Perm Branch of the Society for the Promotion of Culture among the Jews of Russia. Library-reading room. This learned society was originally founded in Saint Petersburg in 1863 by prominent and wealthy Russian Jews, with Joseph Yohel Günzburg as its most well-known co-founder and president . It attempted to educate and acculturate the Jews of Russia by providing assistance to Jewish students at Russian universities, encouraging publication and authorship of books relating to Judaism, and helping Jewish libraries, among other projects. It started out with weak membership, but interest in it grew among Jews after the pogroms of the 1880s. Branches were founded across the Russian Empire, with the most important in Moscow, Riga, Kiev, and especially Odessa. The organization was forced to close in 1929 due to the Soviet policy of closing independent political and cultural organizations. This branch was located in Perm, Russia, a large city outside the Pale of Settlement near the Ural Mountains that had a community of around 1,000 Jews in the early 20th century, which is also most likely the time of this stamp’s production.
This book stamp is from a book looted by the Nazis and sorted by Colonel Seymour Pomrenze, one of “the Monuments Men,” at the Offenbach Archival Depot.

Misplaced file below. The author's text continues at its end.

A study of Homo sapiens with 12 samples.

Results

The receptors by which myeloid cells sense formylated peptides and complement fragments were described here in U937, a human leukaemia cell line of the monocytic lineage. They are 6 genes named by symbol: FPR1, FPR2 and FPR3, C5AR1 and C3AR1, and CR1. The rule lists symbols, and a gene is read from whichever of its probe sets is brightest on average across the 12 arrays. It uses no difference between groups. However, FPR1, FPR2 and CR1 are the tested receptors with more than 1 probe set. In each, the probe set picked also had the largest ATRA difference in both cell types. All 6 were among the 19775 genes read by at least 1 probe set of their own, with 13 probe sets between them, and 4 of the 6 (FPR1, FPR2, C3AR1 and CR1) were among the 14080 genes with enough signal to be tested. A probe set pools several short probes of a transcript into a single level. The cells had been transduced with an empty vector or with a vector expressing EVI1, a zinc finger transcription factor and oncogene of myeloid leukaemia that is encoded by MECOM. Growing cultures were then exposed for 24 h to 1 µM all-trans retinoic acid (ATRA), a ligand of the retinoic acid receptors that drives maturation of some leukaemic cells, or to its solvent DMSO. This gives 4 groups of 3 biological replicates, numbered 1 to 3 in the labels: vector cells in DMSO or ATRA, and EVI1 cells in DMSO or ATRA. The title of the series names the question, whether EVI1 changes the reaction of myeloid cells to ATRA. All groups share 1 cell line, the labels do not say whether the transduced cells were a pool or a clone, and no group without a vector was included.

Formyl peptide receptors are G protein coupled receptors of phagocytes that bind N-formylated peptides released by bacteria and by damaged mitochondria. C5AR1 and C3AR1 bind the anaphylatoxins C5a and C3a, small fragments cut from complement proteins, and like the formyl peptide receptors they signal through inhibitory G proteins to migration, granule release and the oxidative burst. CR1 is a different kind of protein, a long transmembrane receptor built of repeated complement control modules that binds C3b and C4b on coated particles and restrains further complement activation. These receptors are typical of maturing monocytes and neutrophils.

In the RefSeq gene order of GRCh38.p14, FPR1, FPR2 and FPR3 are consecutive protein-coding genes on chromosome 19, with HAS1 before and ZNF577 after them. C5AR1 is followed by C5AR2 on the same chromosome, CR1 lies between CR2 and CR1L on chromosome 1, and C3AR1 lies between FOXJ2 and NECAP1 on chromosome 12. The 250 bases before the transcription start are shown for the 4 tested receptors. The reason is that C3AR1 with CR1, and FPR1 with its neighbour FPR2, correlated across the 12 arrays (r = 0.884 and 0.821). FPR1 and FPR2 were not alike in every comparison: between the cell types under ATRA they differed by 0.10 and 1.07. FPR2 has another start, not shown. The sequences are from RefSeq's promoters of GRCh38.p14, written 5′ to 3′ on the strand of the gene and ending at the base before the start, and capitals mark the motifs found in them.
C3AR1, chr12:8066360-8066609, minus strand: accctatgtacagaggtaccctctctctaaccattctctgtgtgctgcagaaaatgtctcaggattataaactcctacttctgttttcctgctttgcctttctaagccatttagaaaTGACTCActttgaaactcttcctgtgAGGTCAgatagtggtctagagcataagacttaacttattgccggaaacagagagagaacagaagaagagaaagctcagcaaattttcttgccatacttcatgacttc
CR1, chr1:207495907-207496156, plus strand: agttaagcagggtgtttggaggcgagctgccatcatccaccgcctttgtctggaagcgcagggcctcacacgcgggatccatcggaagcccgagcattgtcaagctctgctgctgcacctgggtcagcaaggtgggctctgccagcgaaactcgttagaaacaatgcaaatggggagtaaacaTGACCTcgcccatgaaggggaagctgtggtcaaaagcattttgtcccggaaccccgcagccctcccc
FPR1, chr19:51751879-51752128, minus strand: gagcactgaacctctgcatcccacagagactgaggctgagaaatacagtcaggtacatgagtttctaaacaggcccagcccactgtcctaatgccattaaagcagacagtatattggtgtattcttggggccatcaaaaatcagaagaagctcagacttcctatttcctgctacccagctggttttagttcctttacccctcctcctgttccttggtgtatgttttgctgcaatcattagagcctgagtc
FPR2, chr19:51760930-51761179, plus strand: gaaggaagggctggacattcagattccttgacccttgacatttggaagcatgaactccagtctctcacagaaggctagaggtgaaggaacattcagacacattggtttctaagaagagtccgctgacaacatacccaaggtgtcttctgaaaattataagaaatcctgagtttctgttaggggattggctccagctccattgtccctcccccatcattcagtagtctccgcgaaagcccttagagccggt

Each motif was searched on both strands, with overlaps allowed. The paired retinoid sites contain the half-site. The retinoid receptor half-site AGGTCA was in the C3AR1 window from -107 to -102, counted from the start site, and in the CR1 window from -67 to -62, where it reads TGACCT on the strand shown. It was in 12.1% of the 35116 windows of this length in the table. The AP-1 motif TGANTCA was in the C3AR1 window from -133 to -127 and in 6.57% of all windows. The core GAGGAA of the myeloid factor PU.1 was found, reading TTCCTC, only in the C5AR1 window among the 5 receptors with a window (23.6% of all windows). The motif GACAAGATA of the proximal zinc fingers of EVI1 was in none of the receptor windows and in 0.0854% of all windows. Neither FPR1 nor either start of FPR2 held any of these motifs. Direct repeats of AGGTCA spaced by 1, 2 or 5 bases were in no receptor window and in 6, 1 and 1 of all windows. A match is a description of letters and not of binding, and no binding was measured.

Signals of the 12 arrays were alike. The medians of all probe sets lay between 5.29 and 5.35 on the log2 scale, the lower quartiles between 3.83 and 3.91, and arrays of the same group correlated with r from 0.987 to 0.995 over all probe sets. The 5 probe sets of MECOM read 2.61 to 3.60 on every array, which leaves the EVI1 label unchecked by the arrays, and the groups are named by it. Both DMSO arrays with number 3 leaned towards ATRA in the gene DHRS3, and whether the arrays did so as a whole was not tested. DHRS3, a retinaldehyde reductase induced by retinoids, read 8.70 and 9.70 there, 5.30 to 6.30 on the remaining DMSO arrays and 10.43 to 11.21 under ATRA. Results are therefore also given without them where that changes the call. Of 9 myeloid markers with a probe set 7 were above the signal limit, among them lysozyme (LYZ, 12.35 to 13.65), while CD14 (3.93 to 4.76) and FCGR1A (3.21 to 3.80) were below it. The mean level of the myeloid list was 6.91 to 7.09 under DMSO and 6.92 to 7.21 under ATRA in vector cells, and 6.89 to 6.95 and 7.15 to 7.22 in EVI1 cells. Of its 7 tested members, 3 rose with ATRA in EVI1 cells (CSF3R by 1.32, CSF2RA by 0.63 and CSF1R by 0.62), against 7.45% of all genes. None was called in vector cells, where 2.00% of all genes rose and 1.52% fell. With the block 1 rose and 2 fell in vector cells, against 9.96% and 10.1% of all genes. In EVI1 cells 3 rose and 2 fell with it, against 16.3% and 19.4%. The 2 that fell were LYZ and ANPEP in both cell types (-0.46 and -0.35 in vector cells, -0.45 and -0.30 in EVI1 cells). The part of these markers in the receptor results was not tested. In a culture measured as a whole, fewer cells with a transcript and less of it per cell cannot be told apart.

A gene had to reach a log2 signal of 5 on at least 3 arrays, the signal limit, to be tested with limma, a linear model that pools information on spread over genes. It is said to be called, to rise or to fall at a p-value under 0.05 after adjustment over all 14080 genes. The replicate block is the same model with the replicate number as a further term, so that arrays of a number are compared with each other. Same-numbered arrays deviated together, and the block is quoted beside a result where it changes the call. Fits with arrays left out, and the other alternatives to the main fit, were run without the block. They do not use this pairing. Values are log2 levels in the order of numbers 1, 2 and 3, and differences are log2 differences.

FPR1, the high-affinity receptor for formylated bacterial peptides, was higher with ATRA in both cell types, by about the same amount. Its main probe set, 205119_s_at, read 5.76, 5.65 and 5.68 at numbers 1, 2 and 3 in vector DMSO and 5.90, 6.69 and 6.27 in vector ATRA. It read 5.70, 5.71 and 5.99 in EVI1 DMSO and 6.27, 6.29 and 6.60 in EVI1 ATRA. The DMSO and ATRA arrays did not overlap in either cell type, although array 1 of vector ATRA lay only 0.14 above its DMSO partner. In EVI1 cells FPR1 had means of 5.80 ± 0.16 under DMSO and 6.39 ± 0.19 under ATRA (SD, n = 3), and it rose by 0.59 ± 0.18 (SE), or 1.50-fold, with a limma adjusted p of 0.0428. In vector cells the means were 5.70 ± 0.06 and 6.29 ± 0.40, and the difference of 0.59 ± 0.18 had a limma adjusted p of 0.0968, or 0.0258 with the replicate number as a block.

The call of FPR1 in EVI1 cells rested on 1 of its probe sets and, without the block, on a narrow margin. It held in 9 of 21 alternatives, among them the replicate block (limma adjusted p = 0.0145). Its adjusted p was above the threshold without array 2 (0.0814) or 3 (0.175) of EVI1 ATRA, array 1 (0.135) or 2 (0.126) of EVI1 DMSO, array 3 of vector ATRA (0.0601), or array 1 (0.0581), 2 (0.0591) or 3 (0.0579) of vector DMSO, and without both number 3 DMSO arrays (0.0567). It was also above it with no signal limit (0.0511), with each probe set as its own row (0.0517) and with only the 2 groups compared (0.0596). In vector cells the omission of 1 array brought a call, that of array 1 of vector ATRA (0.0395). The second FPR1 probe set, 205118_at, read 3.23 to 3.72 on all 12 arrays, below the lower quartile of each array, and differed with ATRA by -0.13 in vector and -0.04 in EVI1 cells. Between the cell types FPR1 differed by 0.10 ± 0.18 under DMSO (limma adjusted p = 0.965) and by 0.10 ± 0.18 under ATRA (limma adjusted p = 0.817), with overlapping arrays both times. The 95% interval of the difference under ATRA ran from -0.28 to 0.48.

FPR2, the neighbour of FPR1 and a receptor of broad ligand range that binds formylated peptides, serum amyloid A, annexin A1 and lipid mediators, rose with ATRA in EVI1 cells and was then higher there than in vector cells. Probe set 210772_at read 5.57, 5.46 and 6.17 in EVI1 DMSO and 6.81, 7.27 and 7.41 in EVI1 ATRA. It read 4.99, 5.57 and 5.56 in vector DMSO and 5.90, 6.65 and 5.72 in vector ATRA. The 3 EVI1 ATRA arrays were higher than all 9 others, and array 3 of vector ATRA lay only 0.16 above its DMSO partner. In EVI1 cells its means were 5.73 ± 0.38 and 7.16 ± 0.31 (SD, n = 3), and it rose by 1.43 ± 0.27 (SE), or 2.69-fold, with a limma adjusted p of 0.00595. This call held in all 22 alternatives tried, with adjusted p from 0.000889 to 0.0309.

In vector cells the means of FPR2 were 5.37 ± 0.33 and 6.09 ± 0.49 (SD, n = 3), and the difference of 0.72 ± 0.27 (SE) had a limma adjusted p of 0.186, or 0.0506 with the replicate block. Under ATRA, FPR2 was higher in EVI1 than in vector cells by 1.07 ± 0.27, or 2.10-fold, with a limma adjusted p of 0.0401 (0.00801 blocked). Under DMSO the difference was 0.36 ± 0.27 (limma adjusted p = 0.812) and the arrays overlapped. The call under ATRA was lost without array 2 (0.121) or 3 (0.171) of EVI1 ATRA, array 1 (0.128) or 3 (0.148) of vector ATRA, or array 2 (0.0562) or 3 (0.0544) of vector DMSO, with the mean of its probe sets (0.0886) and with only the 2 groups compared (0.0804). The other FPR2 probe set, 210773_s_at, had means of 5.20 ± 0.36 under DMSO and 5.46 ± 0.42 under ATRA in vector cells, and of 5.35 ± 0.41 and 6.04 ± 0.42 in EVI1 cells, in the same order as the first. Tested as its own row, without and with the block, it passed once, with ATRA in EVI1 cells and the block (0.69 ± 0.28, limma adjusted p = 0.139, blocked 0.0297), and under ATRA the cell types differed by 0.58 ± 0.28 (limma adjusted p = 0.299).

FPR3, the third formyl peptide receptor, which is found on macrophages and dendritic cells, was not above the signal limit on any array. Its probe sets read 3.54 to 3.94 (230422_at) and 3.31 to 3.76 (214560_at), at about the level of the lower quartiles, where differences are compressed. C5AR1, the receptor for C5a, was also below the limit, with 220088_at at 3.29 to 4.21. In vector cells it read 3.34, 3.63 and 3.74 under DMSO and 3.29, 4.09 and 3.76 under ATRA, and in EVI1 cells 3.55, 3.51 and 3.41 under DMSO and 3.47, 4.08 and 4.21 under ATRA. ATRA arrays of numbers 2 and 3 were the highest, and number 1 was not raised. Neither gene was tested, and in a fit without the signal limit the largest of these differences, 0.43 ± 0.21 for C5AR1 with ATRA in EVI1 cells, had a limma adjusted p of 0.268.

There are two scrapbooks of archival markings from the books sorted at the Offenbach Depot in the Seymour Pomrenze Collection held by the American Jewish Historical Society (Call number P-933) There is a finding aid for the collection here The digitized scrapbooks are available here and here.
For more information on this project check the Center’s blog: 16thstreet.tumblr.com/tagged/Offenbach-Depot
Dr. Mitch Fraas, Acting Director of the Digital Humanities Forum at the University of Pennsylvania Libraries’ Special Collections Center is working on a similar project for the German book stamps based on NARA microfilm of the volumes the American Jewish Historical Society currently holds. See viewshare.org/views/mfraas/offenbach-bookplates/
The Center for Jewish History would like to acknowledge the following: The American Jewish Historical Society, who graciously allowed the use of their archival materials and digital content; Mitch Fraas, Acting Director of the Digital Humanities Forum at the University of Pennsylvania Libraries’ Special Collections Center, for his data and technical assistance in this project; David Rosenberg, Reference Services Research Coordinator, and Melanie Meyers, Senior Reference Services Librarian for Special Collections, for managing and creating the digital map; and Reference Services Intern Ilya Slavutskiy for his work on translating and mapping.